There’s a new light shining in Agoura Hills: Playhouse 101, a brand-new theater that launched its inaugural season on April 28. At a time when there is plenty of fear circulating about the demise of the arts, Playhouse 101 is proof that public love for them remains strong. Strong enough to create a theater on the sheer momentum of word of mouth.

“It’s amazing how much has happened in so little time,” says Jeff Wallach, founder and producing artistic director. “There was no advertising, no [official] launch, just word of mouth power.” Playhouse 101 went from being a wonderful idea to a brick-and-mortar reality in a matter of months. “This has all happened since February,” adds Wallach.

The stage was being set for the creation of Playhouse 101 back in 2005, when Wallach founded Curtain Call Youth Theatre. He had been teaching theater in high schools, middle schools and after-school programs for years when he decided it was time to start his own theatre company. CCYT began with 11 teens. Its first show was The Pirates of Penzance, which was produced at what is now the High Street Arts Center in Moorpark. Then, as now, the company focused on the rehearsal process, including “theater etiquette, discipline, teamwork and camaraderie in addition to acting, singing and dancing” rather than on the final product. This approach paid off — the show was a hit. The folllowing season, CCYT moved to the Camarillo Skyway Playhouse for three years. From there it roamed from venue to venue until 2017, when Wallach decided CCYT needed a place to call home.

Wallach put out the word and, to paraphrase Johann Wolfgang von Goethe, at the moment of commitment, the entire universe conspired to assist him. That “universe” included friends, other theater professionals and supporters of the arts. CCYT found a location owned by two attorneys who were happy to knock down walls and turn the space into a black-box theater.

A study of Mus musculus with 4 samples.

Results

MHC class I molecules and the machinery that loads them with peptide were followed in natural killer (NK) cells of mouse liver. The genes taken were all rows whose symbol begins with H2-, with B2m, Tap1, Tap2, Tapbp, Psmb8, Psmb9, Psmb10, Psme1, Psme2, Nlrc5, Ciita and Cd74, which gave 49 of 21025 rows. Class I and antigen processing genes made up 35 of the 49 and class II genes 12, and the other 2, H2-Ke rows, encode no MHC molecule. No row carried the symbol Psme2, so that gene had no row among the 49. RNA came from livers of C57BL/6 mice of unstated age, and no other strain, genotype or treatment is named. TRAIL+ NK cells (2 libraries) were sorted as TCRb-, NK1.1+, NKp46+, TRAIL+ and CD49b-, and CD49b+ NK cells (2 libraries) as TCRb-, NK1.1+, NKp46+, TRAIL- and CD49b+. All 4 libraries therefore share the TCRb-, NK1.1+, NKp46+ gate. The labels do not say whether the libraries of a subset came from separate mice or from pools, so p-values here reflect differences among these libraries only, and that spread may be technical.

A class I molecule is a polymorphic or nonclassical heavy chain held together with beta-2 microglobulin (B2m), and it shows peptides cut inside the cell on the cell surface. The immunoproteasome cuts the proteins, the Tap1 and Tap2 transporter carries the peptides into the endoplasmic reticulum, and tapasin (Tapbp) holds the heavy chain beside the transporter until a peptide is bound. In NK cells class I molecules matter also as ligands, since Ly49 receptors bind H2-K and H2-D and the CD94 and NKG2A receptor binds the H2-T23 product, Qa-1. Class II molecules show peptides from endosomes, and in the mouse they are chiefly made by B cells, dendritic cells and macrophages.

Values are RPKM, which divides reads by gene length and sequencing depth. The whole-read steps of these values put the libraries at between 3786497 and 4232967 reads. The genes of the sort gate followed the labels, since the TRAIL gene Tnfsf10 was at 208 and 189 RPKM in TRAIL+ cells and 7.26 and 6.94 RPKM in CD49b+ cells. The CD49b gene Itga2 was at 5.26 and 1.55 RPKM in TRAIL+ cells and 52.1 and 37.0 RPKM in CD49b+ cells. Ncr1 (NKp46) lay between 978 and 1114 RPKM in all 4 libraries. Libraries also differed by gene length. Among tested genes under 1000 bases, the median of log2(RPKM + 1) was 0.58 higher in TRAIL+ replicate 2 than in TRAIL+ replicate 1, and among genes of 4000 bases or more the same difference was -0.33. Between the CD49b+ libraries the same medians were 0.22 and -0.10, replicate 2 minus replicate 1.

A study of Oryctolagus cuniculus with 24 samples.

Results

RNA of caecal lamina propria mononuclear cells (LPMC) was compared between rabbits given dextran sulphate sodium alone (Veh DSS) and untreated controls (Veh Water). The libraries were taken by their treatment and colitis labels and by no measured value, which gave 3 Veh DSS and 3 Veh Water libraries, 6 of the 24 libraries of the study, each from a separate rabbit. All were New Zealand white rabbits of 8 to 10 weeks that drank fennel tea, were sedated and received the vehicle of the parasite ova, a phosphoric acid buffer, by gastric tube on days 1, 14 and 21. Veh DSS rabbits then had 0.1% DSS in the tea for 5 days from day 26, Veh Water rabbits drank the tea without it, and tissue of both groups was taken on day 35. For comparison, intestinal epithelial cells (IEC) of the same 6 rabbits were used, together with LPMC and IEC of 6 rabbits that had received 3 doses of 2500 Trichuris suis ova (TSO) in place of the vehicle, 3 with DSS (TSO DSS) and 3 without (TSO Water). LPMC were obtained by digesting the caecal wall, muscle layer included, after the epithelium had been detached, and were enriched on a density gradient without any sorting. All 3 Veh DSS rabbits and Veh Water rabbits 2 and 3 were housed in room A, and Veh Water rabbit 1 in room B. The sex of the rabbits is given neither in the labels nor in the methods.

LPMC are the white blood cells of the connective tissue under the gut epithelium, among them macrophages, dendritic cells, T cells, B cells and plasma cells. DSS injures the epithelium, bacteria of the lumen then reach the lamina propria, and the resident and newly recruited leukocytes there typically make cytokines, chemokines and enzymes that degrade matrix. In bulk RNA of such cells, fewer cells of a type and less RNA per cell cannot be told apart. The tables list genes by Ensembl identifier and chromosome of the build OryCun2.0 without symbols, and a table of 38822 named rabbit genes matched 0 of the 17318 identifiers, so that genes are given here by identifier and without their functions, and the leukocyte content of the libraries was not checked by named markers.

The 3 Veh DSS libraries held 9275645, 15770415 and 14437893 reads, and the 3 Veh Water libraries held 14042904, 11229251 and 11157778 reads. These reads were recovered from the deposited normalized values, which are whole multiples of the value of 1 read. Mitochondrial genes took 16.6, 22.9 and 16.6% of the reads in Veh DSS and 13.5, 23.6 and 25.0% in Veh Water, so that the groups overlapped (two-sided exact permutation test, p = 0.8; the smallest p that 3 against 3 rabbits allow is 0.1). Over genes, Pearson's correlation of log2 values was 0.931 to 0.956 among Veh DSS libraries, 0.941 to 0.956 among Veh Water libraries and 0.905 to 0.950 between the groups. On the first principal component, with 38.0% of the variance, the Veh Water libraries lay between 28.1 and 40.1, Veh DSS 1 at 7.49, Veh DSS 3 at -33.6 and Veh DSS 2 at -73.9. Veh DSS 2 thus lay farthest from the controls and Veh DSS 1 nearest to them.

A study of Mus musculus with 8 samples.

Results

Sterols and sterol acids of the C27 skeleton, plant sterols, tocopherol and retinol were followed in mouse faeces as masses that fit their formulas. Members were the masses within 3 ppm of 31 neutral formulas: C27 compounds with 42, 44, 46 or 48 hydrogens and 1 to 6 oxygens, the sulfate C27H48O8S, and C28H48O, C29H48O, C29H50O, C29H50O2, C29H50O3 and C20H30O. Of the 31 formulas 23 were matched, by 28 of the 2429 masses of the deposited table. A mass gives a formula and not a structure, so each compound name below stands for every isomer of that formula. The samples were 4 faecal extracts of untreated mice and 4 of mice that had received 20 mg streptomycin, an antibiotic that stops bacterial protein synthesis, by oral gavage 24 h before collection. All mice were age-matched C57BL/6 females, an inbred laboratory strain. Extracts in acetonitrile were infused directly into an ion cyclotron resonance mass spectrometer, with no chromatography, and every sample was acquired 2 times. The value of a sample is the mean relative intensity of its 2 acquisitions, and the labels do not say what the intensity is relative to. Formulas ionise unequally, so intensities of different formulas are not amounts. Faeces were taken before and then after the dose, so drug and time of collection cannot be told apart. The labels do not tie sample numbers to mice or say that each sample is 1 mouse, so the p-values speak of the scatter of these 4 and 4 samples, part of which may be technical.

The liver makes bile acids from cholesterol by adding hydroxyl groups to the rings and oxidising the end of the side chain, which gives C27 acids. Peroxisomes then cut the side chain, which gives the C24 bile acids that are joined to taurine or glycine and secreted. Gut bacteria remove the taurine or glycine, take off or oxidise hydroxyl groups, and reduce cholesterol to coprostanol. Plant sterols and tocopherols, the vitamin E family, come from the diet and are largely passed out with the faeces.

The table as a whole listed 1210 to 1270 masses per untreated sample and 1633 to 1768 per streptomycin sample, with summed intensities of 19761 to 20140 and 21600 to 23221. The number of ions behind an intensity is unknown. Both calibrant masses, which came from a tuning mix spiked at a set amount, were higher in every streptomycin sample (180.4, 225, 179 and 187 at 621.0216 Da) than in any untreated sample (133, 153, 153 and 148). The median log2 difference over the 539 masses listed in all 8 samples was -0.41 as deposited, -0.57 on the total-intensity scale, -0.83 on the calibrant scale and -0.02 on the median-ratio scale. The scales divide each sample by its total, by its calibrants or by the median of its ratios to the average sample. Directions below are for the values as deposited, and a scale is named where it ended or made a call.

Currently, CCYT is rehearsing The Odd Couple, both the female and male productions, for a June premiere. Wallach can already see the difference having a permanent space has made. “After our first rehearsal the kids started cleaning up out of habit,” Wallach recalls. They were so used to having to put everything away so the next theater group could come in, but Wallach reminded them, “This is our space.” The teens now have a sense of ownership they never really had before.

After The Odd Couple, CCYT will be doing the high school version of Les Misérables as their summer musical. “In our black-box theater,” Wallach says, “the audience will be so involved, so enveloped. The production won’t be huge so [the audience] will be right there, in the round.” 

Securing a space gave Wallach the idea that it could be more than a youth theatre. “This could become a union house and part of a 99-seat plan,” Wallach realized. He chose the comedy Bleacher Bums as the inaugural production of what will be a four-show season.  

“The cast is good. I’m not a baseball person but I laugh out loud,” Wallach says. The play, written by Joe Mantegna and other members of Chicago’s Organic Theater Company, takes place in the bleachers of Chicago’s Wrigley Field and features a cast of characters that includes a “rabid cheerleader and other die-hard Cubs fans.” It’s not all about baseball, though. “It’s really a bunch of human stories.”

In the future, Wallach envisions Playhouse 101 evolving into an arts complex. Looking to grants and donations, he hopes to expand within the same location to include an upstairs area where they can hold intimate concerts, comedy shows, workshops and an art gallery. Wallach wants Playhouse 101 to be a space for youth in the community, as well as a popular entertainment spot for all ages. Its location right off the 101 freeway (hence the name) means it’s within walking distance of restaurants, so people can see a show, get something to eat and enjoy a nice night out.

Seeing Playhouse 101 coming to life and being embraced by so much community support, Wallach exclaims, “The arts are strong!” To borrow a line from a famous baseball movie: “Build it, and [they] will come.” Seems it’s just as true in theater as it is in baseball.

Bleacher Bums plays through May 13 at Playhouse 101, 28720 Canwood St., Agoura Hills. For tickets and more information, call 805-816-4204 or visit www.playhouse101.com.